Amazon’s Asia strategy is to be patient
January 29, 2013 12:47 PM
In Asia and other e-commerce markets around the Pacific Rim, Amazon.com still isn’t the biggest kid on the block.
In online retail markets such as China and Japan where marketplaces operated by Alibaba Group and Rakuten Inc. account for the biggest share of direct-to-consumer e-commerce sales, Amazon’s Internet Retailer estimated Asian and Australian web sales of $5.44 billion, up 23.1% from $4.42 billion in 2011, put Amazon in the top tier—but not number one.
Alibaba dominates online retailing in China through its two online marketplaces, Taobao and Tmall. Together, they accounted for more than $161 billion in sales in the first eleven months of 2012, the company says. In Japan, Rakuten, which is by far the biggest online retailer, generated Japanese web sales of about $11.93 billion in 2011, the company says. Rakuten has yet to break out its 2012 financials. At this year’s Internet Retailer Conference and Exhibition in Chicago, Rakuten CEO and chairman Hiroshi Mikitani will give a keynote address entitled “Spanning the Globe for E-Commerce Opportunity.”
But Amazon, No. 1 in the 2012 Internet Retailer Top 500 isn’t in a hurry to assume a dominant position in some of Asia’s biggest web retailing markets—at least not yet, says Scot Wingo, a veteran Amazon watcher and CEO of ChannelAdvisor, a U.S. company that helps retailers sell online at marketplaces such as eBay Inc. and Amazon. Instead Amazon’s attitude toward Asia is to remain patient, continue to build up its infrastructure and wait for the Japanese consumer market to rebound from a lingering economic downturn and for emerging consumer spending to continue to grow in China, India and elsewhere.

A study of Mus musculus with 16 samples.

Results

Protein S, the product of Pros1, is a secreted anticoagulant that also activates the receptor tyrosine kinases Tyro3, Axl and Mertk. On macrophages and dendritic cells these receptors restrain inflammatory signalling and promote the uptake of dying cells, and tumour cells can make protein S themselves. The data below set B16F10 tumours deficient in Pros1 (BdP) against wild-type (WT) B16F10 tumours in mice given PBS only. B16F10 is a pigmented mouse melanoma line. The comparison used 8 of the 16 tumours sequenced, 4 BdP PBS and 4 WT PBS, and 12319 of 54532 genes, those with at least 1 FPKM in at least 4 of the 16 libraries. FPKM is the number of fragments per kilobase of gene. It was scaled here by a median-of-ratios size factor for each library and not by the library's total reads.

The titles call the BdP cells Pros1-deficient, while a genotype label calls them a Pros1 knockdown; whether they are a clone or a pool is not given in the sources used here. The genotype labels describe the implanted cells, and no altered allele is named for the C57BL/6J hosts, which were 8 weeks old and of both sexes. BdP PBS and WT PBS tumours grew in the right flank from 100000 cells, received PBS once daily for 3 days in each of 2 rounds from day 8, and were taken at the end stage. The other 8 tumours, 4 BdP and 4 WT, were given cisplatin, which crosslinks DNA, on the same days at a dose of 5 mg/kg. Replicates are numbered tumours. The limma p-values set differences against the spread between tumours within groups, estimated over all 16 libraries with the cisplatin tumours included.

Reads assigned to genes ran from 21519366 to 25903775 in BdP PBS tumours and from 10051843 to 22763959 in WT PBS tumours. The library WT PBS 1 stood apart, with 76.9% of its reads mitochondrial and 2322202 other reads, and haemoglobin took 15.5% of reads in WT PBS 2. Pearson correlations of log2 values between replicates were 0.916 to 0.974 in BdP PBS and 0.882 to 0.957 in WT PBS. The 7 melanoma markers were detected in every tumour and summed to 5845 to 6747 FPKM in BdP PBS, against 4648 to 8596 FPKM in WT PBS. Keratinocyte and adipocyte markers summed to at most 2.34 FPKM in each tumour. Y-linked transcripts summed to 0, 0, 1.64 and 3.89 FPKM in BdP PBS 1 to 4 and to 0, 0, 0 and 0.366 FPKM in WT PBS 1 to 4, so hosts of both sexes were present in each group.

Amazon is no stranger to selling online in Asia, especially in larger countries. Amazon has been selling online in Japan since 2000 and in China in 2004 when it paid about $75 million to acquire Joyo, an online books retailer. “Amazon is being patient because they have the infrastructure in place and they’ve building it out for a pretty long time now,” Wingo says.
Amazon currently has about 25 distribution centers established across key Asian markets, including 13 in China, 11 in Japan and one in Mumbai, the largest city in India. Together those fulfillment centers occupy more than 6.7 million square feet of space, according to MWPVL, a global supply chain and logistics consulting firm.
Amazon doesn’t discuss its international plans for business development. But it’s network of distribution centers located in big population centers in China, India and Japan are there to help rollout some of its other strategic developments such as Amazon Prime--which charges a $79 annual fee for two-day shipping on Amazon purchases.
Another strategic advantage Amazon’s enjoys over other Asian retailers is a trusted name and the ability to source and ship name brand products, Wingo says. “Asian shoppers know they can trust that Amazon will probably have the brands they want and a secure online order process,” he says. “They are being patient in Asia because they are setting the bar everyone else will have to meet.”